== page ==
OhioMHAS Pays Tribute to Iconic Mental Health Leader
Dr. Howard Sokolov Remembered for Expertise, Leadership and Contributions
Ohio’s behavioral health field lost a legend with the passing of Dr. Howard Sokolov, an outstanding psychiatrist, leader, scholar and person who made tremendous contributions to Ohio’s mental health field for decades.
Dr. Sokolov served as Commissioner of the former department of Mental Health in the 1970s, and subsequently had a number of other important positions including Forensic Medical Director and Acting Medical Director for an extended period. He was instrumental in updating the forensic mental health processes in the Ohio Revised Code, and many other states have since turned to this work as a model for modernizing their own forensic systems. He also served as President of the Ohio Psychiatric Association and was Professor of Psychiatry and George T. Harding III Psychotherapy Chair at The Ohio State University, where he was named as “Professor of the Year” by the psychiatry residents on several occasions.
Dr. Sokolov completed his undergraduate degree at Columbia University and his medical degree at the State University of New York Downstate Medical Center, followed by residency training at the University of Cincinnati and certification in psychoanalysis at the Cincinnati Psychoanalytic Institute. He received numerous honors and awards, including Best Doctors in America and the Ohio Forensic Award from the former Ohio Department of Mental Health.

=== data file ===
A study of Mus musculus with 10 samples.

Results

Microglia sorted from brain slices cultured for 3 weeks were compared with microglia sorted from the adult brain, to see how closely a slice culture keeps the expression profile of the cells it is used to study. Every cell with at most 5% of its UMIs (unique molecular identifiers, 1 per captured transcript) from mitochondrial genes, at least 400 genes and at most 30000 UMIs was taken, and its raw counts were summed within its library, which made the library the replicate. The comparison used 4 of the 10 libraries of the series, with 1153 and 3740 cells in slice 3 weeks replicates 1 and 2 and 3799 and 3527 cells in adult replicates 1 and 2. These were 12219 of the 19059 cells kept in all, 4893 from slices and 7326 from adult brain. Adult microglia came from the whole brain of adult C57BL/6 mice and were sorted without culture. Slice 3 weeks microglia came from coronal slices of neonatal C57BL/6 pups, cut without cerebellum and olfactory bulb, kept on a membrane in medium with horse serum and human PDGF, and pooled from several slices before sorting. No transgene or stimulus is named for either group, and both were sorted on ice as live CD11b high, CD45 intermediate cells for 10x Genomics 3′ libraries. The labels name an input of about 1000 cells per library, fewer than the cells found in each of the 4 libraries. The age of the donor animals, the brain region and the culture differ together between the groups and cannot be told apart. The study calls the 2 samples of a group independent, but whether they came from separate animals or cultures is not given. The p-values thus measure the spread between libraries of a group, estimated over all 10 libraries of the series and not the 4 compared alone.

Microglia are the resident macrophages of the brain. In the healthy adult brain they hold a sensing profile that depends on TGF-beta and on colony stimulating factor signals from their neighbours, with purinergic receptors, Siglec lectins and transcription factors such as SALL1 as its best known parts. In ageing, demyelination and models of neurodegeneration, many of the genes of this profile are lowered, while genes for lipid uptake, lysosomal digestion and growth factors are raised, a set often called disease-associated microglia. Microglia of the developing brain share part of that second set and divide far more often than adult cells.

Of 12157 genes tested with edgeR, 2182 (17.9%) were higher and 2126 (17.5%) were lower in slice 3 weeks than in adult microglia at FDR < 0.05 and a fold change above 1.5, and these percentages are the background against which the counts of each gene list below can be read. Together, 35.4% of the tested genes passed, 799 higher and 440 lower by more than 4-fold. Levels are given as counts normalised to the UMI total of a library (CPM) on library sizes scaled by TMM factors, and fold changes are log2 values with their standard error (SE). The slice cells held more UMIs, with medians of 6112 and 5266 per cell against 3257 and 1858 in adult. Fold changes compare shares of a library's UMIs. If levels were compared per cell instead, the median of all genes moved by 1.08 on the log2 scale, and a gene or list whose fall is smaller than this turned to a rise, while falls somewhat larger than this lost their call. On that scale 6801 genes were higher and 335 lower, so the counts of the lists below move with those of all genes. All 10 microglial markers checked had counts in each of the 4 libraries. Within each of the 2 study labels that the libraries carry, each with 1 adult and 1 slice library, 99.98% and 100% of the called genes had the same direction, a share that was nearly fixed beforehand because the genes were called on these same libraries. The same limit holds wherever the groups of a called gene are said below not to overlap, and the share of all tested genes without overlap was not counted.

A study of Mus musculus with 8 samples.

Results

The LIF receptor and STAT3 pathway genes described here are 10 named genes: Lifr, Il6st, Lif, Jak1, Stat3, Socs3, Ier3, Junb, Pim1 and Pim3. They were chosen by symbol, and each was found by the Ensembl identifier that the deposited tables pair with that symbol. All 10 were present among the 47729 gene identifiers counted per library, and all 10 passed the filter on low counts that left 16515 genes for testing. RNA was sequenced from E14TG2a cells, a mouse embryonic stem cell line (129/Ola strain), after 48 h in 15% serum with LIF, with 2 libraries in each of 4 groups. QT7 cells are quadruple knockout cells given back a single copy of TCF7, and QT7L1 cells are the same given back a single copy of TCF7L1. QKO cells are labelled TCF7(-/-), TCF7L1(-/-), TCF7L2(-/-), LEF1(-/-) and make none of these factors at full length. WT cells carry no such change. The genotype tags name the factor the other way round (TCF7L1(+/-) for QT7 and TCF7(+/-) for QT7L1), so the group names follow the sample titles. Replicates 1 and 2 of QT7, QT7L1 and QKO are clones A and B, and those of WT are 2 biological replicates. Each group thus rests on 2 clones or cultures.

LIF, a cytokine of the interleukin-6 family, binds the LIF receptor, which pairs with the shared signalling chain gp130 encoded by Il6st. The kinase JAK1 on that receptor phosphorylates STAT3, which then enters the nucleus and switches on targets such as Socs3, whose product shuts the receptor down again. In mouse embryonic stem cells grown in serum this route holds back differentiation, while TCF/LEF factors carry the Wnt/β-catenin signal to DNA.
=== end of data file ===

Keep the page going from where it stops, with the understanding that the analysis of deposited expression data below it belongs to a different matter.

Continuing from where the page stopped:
OhioMHAS Medical Director Dr. Mark Hurst recently reflected on his relationship with Dr. Sokolov.
“I worked for Dr. Sokolov when he was Medical Director at the old Harding Hospital in Worthington and I was the director of addiction treatment services. During those years, I had the pleasure of meeting with Howard each week for supervision which I continue to value. These years and his mentorship were key to my professional and personal development, as he was not only knowledgeable but also incredibly wise,” said Dr. Hurst.
“Howard was a great man, and I am proud to have known him. He will be missed,” he said.
Robert Baker, assistant chief of the OhioMHAS Bureau of Criminal Justice added, “I had the privilege of working closely with Howard for over 12 years. His wisdom, insight, and delightful sense of humor created a wonderful working environment. I will miss him as a mentor and friend.”